Embracing wrong turns, contradictions, and touristy kitsch might just be the best way to see Israel—or to travel anywhere
The taxis drivers in Jerusalem are an interesting lot, and not merely because each and every one—whether Jewish, Christian, or Muslim—tried to rip me off. That I expected. What I didn't expect was how charmed I would be by all the scamming. It seemed like a big, cheerful game, in which happily dishonest hacks cross sectarian lines in their efforts to convince me that it will be cheaper not to use the meter—and it works out not to be true! Hilarious!
One particularly pleasant driver, when he learned I was American, smiled and said: "You are like a man standing on a fault line. Soon the earth will swallow you whole and you will die." Impressive. I actually tipped him.
I had asked him to take me to a restaurant called Ima, in the area around the Mahane Yehuda market. The sister of an Israeli friend in New York had told me that it was an excellent spot to try upscale Israeli food, and it was well known enough that all the taxi drivers would be able to find it. I ended up instead at a restaurant called Sima, which the cabbie insisted was Ima. ("I know it," he said. "Good soup.") Ima, Sima, what difference does it really make, so long as the food is good, which it was. I had the me'urav, a formidable combination of sautéed chicken hearts, lungs, and various other unmentionables served next to a heap of excellent French fries. Two nights later, I returned to Sima for dinner. What did I see down the block and across the street? Ima. I went in. It was fantastic.
I had asked him for directions to the Ma'alot Dafna neighborhood. He had no idea—apparently religious differences in Israel impact one's knowledge of the streets—but he did know Pittsburgh.
I have great admiration for the traveler who makes no plans. Whether it be in the expeditional mode of The New York Times's "Getting Lost" column, or the neo-Thoreauvian meditative style of Rebecca Solnit's A Field Guide to Getting Lost, I have respect for these wanderers—but I'm not one of them. I'm more of a researcher, the sort who enjoys maps, reads guidebooks, plots itineraries, and solicits opinions in advance from those who've gone before me.
Yet it was the blundering approach for me on this trip, with results both predictable and pleasant. I was lost most of my time in that ancient city, but indeed I heard, saw, and did things that otherwise wouldn't have occurred to me.
I was in Israel not as a tourist but to work, conducting research for a book I am writing about Jewish identity. I didn't expect to have much free time, so I invested little time researching what I might see. My hotel requirements were few: cheap, clean, in the center of the city, rooms with wireless. I ended up selecting, strictly from a two-sentence write-up in the Lonely Planet, the Hashimi Hotel, which was described as a "colorful mishmash of hotel rooms, family suites, and dorm rooms, all painted in bright colors." It was in Jerusalem's Old City, in the Muslim Quarter; it met my requirements for price—about $50 a day for a private room with a bath—and its two mitigating factors didn't really impact me: there are strict rules banning alcohol on the premises, and unmarried couples aren't allowed to share rooms.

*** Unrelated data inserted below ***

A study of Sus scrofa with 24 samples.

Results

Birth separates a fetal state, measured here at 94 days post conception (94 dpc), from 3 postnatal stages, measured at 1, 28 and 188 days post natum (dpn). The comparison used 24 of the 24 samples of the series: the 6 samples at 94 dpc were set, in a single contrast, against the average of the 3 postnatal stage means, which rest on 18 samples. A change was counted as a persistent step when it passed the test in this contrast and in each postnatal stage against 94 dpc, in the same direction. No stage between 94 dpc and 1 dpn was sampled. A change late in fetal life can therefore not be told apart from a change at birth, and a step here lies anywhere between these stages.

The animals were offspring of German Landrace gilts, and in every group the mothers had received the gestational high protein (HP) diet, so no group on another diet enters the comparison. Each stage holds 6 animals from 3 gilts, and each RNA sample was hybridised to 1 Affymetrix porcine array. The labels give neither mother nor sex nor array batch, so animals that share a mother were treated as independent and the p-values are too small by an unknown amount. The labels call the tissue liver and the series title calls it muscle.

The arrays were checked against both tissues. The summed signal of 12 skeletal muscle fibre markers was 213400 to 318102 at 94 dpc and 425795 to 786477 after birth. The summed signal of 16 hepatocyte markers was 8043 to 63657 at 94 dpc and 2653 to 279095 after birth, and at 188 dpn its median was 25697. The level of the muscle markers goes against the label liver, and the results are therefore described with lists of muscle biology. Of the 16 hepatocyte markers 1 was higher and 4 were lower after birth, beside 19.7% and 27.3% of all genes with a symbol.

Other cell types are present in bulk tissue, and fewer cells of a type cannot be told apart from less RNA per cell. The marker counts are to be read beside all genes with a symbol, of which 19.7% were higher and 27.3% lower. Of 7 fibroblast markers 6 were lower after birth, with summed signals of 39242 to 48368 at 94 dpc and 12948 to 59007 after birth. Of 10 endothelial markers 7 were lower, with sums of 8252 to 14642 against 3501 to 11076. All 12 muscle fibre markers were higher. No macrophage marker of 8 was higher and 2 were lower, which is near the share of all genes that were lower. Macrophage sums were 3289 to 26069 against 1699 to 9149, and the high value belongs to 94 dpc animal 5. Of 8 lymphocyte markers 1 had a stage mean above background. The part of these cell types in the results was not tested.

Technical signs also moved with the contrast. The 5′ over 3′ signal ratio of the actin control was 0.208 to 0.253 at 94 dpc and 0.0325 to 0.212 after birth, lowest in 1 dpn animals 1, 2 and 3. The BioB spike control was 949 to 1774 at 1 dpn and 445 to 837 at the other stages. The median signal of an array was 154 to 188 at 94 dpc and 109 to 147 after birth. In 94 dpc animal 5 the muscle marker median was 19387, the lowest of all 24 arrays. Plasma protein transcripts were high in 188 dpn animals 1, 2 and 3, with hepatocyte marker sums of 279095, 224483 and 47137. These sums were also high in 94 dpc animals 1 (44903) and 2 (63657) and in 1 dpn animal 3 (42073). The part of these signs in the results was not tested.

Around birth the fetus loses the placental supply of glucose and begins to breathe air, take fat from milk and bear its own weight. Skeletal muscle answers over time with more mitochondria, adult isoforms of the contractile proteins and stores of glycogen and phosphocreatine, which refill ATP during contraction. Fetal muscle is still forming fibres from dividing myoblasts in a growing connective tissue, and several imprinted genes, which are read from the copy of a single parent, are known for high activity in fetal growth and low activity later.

The Hashimi Hotel wasn't without its complications, however. When I read that it was in the Muslim Quarter, for some reason I assumed that this was an historical reference; that is, I didn't understand that such neighborhood divisions in Jerusalem's Old City—Jewish, Muslim, Christian, and Armenian—held in the present day. Put aside the political implications of this geographical ignorance. There were real-time consequences as well.
I arrived in Jerusalem in the late afternoon, by train. I hadn't yet found time to buy a map, but I figured I could to find my way to the Damascus Gate—the entrance to the Muslim Quarter and a few steps from the hotel—by public bus. Most of the bus route signs were in Hebrew, but I decided to get on one whose riders looked like tourists. I know this seems a rather random method of navigation, but I was jet-lagged, and my attempts to communicate with people at the station proved unsuccessful.
On the bus, I got into a conversation with a young Israeli soldier who spoke some English. We chatted about where I was from and what kind of weapon he was carrying (he just laughed when I asked that). I decided to try to confirm with him if we were heading to the Damascus Gate. He seemed confused and asked me to repeat the word for him several times. He turned to several other people, asked them in Hebrew if they knew what I wanted. None did. In the end, I rode the bus to the last stop, which deposited me at the Western Wall and the Jewish Quarter, which, perhaps not surprisingly, is at the opposite end of the Old City from the Damascus Gate and the Muslim Quarter.